01/12/15

It happens every winter, all around the world. (Okay, maybe not all around the world, but in a handful of willing cities like Portland and Chicago.) Deeply-ish steeped in tradition, the game is an homage to Mother Nature and the rugged wilderness, with a few notable, decidedly urban changes. It is called Idiotarod, and it involves dressing up in costume, tying yourself to a shopping cart, and running around the sidewalks in pure denial of winter, which sounds much more proactive than trapping yourself indoors with warm drinks and some Ken Burns docs until June rolls around.  

Inspired by--as the organization puts it--“a famous and totally unrelated dogsled race in Alaska,” Idiotarod takes its name from Iditarod (what a difference a vowel makes), where mushers send teams of dogs less lazy than the one sitting on your couch right now through 1000 miles of legitimate terrain. The city-based Idiotarod, however, has altered its own concept accordingly, making some necessary concessions given the inherent differences between Brooklyn and, say, Anchorage.

Here, we’ve dug around to see how the urban take stacks up to the original. If Idiotarod seems right up your alley, you can participate in New York City January 24. If you’re a purist at heart, Iditarad doesn’t get moving until March 7, which gives you plenty of time to start organizing your team of dogs.

HISTORY

Idiotarod: The original race took place in San Francisco in 1994.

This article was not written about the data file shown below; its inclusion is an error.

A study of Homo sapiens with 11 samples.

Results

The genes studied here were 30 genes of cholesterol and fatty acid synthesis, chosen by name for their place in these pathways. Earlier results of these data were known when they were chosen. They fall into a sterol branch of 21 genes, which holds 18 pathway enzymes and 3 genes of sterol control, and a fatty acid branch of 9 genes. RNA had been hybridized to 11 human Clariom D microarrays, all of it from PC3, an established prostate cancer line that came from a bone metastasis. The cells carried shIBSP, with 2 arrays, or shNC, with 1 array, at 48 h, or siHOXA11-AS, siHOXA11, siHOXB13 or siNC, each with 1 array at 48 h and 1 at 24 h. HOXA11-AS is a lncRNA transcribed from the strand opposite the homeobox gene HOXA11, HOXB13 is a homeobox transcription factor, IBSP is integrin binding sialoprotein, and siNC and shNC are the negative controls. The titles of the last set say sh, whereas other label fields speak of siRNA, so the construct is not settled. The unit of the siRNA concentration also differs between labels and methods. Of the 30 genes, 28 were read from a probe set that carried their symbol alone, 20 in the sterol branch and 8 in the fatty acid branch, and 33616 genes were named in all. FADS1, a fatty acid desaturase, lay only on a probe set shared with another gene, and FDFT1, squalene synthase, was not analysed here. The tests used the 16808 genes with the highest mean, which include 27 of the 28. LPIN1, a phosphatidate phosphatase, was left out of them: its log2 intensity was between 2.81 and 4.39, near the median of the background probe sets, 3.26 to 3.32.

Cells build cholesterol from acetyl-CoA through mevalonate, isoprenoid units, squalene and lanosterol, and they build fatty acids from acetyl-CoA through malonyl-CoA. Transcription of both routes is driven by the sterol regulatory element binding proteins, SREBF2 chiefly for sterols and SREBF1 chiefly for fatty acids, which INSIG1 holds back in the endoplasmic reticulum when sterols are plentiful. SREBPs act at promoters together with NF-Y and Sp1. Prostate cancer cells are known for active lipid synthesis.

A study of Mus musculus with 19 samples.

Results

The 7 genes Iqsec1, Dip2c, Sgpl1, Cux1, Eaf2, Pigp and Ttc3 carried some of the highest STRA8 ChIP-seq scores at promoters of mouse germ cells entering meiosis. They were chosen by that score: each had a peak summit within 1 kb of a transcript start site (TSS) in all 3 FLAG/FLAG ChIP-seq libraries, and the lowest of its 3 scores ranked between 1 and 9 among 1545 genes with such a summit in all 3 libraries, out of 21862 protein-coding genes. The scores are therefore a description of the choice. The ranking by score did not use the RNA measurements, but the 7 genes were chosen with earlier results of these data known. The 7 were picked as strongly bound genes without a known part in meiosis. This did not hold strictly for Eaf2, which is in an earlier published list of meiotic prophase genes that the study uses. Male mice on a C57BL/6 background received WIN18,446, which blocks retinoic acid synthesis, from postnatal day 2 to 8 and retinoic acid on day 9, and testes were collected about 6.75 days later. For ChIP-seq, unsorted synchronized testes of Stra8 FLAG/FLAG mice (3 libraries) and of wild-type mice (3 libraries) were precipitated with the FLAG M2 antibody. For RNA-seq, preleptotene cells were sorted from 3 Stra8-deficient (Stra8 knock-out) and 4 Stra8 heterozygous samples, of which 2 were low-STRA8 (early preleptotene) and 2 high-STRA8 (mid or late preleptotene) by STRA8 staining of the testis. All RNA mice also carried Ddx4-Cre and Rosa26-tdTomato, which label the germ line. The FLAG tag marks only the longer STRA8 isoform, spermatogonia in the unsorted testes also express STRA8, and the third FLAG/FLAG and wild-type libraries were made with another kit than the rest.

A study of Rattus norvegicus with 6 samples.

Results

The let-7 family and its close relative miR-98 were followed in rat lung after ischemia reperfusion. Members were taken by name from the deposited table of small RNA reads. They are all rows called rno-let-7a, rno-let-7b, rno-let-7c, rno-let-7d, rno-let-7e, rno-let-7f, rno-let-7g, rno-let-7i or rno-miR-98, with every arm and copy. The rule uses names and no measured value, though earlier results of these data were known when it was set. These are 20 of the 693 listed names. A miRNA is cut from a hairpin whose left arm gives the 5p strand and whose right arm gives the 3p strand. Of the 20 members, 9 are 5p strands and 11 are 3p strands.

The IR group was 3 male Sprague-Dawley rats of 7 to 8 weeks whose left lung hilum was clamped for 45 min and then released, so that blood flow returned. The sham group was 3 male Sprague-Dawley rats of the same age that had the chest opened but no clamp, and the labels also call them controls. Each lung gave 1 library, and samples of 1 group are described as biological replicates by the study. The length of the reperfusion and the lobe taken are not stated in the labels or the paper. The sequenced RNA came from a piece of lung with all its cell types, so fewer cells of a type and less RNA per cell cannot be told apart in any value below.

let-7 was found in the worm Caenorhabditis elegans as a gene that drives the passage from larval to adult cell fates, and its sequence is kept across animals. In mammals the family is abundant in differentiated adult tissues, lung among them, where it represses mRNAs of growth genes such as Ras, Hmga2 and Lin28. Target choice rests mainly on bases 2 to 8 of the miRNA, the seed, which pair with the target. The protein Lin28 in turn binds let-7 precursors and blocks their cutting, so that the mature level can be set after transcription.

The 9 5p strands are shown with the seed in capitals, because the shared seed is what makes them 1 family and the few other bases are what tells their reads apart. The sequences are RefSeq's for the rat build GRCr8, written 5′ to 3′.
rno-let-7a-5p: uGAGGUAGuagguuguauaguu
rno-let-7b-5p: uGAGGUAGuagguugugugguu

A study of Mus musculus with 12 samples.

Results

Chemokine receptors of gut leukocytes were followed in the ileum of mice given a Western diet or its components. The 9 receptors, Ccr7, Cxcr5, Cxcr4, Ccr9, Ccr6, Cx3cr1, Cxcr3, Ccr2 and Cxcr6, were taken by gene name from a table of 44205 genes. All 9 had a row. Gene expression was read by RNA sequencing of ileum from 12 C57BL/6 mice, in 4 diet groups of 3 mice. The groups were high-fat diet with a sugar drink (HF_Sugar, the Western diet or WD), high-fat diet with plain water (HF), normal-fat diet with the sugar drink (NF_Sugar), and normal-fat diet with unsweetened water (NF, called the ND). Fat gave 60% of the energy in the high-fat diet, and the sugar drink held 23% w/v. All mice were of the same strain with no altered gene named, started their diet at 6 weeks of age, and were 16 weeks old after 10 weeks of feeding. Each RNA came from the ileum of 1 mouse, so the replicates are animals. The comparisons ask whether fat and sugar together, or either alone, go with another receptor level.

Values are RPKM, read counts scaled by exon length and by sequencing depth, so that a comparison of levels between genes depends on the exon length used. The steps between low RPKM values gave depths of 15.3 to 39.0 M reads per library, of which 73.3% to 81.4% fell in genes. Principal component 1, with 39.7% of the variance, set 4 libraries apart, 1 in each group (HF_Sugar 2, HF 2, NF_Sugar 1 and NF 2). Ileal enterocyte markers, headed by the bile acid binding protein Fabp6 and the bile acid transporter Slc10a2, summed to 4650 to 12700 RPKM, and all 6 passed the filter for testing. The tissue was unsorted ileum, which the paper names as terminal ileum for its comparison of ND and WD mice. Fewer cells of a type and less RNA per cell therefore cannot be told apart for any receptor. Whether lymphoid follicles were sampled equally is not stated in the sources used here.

Iditarod: The race has evolved competitively since its first official run in 1973, but the Iditarod Trail was used previously as a mail and supply route from coastal towns to interior mining camps. This trail was essentially the early 20th-century equivalent of a freeway. The Iditarod keeps that vastly less efficient dream of yore alive.

VEHICLE OF CHOICE

Idiotarod: A (likely stolen) shopping cart

Iditarod: Sled guided by a team of ambitious, undaunted Huskies

DISTANCE

Idiotarod: Until whenever your friends think this was a ridiculous idea and “Hey, let’s just stop in this bar…”

Iditarod: 1000 miles of rugged, unforgiving, mountainous terrain

RULES

Idiotarod: You must dress up… like an idiot. Costume ideas including (but not limited to): bananas, monsters, cans of SPAM, citizens of the fallen Roman empire, superheroes, and pirates.

Iditarod: “There are certain pieces of equipment each team must have — an arctic parka, a heavy sleeping bag, an ax, snowshoes, musher food, dog food and boots for each dog’s feet to protect against cutting ice and hard packed snow injuries.” Sounds serious.

OBSTACLES

Idiotarod: Weakness of fellow teammates, your own diminishing enthusiasm, your costume’s lack of seasonally appropriate coverage

Iditarod: “Jagged mountain ranges, frozen rivers, dense forest, desolate tundra, and miles of windswept coast” plus “temperatures far below zero, winds that can cause a complete loss of visibility, the hazards of overflow, long hours of darkness and treacherous climbs.”

Photos courtesy of Sons of Samhorn, BlueJake.com, and Wikipedia.